There's something odd about this Memorial Day, and it isn't that the holiday weekend snuck up on us (it's this weekend, for real). Washington is still in Phase 1 of its coronavirus quarantine, meaning nonessential travel remains prohibited, and even park picnic shelters are off-limits—but there are still ways to celebrate the magic of a day off from work.
Salute the Fallen
It's right there in the name—since 1971 Memorial Day has commemorated those who've died serving in the American military. Take a trip around Seattle's outdoor memorials, like the Garden of Remembrance on the Second Avenue–side of Benaroya Hall; not only does it list some 8,000 Washingtonians that have died, but it includes quotes from their letters home. The University of Washington boasts five spots on campus dedicated to soldiers, like the first American monument to Spanish Civil War volunteers. Up on Capitol Hill, the small Grand Army of the Republic Cemetery has a pillar dedicated to Civil War veterans (more controversially, next-door Lake View Cemetery houses a Confederate memorial).
Drive on the Wild Side
Tacoma's coolest city park, Northwest Trek, is actually a wildlife preserve of sorts near the base of Mount Rainier, home to moose, bison, longhorn sheep, and elk. While normally a tram runs through the exhibits, special pandemic circumstances have caused the park to allow visitors to drive their own cars through the enclosures while a naturalist's audio guide narrates. Book ahead for the $80 one-hour tour.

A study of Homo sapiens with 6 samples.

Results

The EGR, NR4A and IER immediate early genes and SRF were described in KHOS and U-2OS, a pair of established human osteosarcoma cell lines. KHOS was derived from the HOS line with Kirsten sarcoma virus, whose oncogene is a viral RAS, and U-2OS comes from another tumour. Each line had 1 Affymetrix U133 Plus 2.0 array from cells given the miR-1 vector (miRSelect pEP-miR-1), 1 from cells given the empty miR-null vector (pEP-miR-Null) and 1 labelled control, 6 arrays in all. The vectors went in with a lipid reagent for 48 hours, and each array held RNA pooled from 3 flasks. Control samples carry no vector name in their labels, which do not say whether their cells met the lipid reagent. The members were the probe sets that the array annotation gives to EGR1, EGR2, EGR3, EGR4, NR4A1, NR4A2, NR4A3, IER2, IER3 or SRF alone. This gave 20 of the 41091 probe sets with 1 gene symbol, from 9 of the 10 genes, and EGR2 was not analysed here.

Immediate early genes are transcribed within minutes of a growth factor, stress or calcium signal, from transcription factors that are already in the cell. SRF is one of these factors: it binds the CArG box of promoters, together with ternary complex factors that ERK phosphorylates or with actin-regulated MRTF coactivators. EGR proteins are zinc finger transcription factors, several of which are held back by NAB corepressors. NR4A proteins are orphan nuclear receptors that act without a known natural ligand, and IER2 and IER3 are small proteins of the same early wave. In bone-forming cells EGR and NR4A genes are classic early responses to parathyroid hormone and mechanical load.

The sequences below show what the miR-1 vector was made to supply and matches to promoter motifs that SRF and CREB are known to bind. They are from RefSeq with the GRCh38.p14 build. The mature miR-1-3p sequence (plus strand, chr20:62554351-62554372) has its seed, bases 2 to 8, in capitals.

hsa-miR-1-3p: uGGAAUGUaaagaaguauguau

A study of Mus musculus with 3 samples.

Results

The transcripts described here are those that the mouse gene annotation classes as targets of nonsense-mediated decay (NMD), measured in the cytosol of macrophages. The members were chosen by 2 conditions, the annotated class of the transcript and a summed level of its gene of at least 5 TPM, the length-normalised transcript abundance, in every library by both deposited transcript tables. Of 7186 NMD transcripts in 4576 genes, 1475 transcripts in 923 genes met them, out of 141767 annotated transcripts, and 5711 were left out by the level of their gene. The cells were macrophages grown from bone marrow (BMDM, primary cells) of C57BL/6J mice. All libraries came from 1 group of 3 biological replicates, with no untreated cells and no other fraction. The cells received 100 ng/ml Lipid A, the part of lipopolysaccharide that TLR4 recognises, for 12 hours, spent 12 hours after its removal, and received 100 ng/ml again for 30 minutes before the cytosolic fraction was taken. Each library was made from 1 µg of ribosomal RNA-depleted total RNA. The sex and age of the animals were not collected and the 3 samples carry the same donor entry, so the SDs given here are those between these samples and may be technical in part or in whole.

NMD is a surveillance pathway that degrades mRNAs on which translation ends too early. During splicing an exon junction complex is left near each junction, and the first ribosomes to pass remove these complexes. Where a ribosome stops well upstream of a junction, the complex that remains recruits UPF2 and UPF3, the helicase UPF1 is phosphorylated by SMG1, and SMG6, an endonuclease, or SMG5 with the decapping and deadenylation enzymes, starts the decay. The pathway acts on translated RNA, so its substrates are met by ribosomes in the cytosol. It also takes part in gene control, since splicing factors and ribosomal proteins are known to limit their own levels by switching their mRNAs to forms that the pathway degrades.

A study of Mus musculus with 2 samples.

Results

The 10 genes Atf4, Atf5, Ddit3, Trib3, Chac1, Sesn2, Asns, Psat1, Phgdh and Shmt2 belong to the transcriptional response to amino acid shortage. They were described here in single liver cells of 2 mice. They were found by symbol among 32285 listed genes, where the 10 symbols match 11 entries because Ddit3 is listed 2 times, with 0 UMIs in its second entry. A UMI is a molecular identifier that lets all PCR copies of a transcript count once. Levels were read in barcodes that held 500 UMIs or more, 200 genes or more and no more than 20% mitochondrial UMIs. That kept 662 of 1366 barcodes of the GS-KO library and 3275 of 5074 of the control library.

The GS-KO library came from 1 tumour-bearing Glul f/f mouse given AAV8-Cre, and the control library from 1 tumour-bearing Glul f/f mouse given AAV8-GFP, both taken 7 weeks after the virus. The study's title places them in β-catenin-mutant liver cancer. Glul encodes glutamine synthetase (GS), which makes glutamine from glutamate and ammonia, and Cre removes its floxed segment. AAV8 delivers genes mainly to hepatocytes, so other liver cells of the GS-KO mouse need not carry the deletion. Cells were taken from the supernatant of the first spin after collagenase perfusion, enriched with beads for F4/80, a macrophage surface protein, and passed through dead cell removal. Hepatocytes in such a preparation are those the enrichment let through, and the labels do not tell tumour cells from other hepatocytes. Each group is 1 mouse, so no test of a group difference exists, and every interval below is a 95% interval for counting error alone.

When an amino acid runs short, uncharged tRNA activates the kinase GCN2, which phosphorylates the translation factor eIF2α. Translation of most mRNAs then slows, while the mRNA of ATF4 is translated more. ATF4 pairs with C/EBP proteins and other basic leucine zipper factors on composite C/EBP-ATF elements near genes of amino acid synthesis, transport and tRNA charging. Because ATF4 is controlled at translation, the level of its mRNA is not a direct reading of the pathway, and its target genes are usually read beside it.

With park picnic facilities off limits, this is the year to outsource grillmaster duties. Several local restaurants offer takeout packages suited for an outdoor feast (shared with only your own family bubble, of course). North Ballard's Sunny Hill dishes a four-person "lawn sitting" menu of slow-braised ribs, macaroni salad, and green beans; add-on Holy Mountain brews or premixed cocktails are extra. Tilth's barbecue package is made to heat at home, stocked with applewood smoked brisket or St. Louis-stye ribs, several sides, and salted caramel budino as dessert. Both should be ordered ahead.
While most of the state's national parks remain closed, the city of Seattle has over 400 green spaces for the public; Bellevue and King County have dozens more. Choose from our roundup of our ten favorites, or simply look over the city's long list for ideas. While playgrounds and sport facilities are closed, most of the system is open for strolling.
Take Over the Street
The conversion of Seattle city roads to pedestrian-only Stay Healthy Streets was first meant as a temporary measure, but in early May the mayor announced that conversion would be permanent. About 20 miles of pavement are expected to be cordoned off for walkers and bikers by the end of this month, allowing for mid-block wheelies or uncrowded roller skating. Remember that locals are still allowed in and out by car; don't totally bliss out as you take back the blacktop.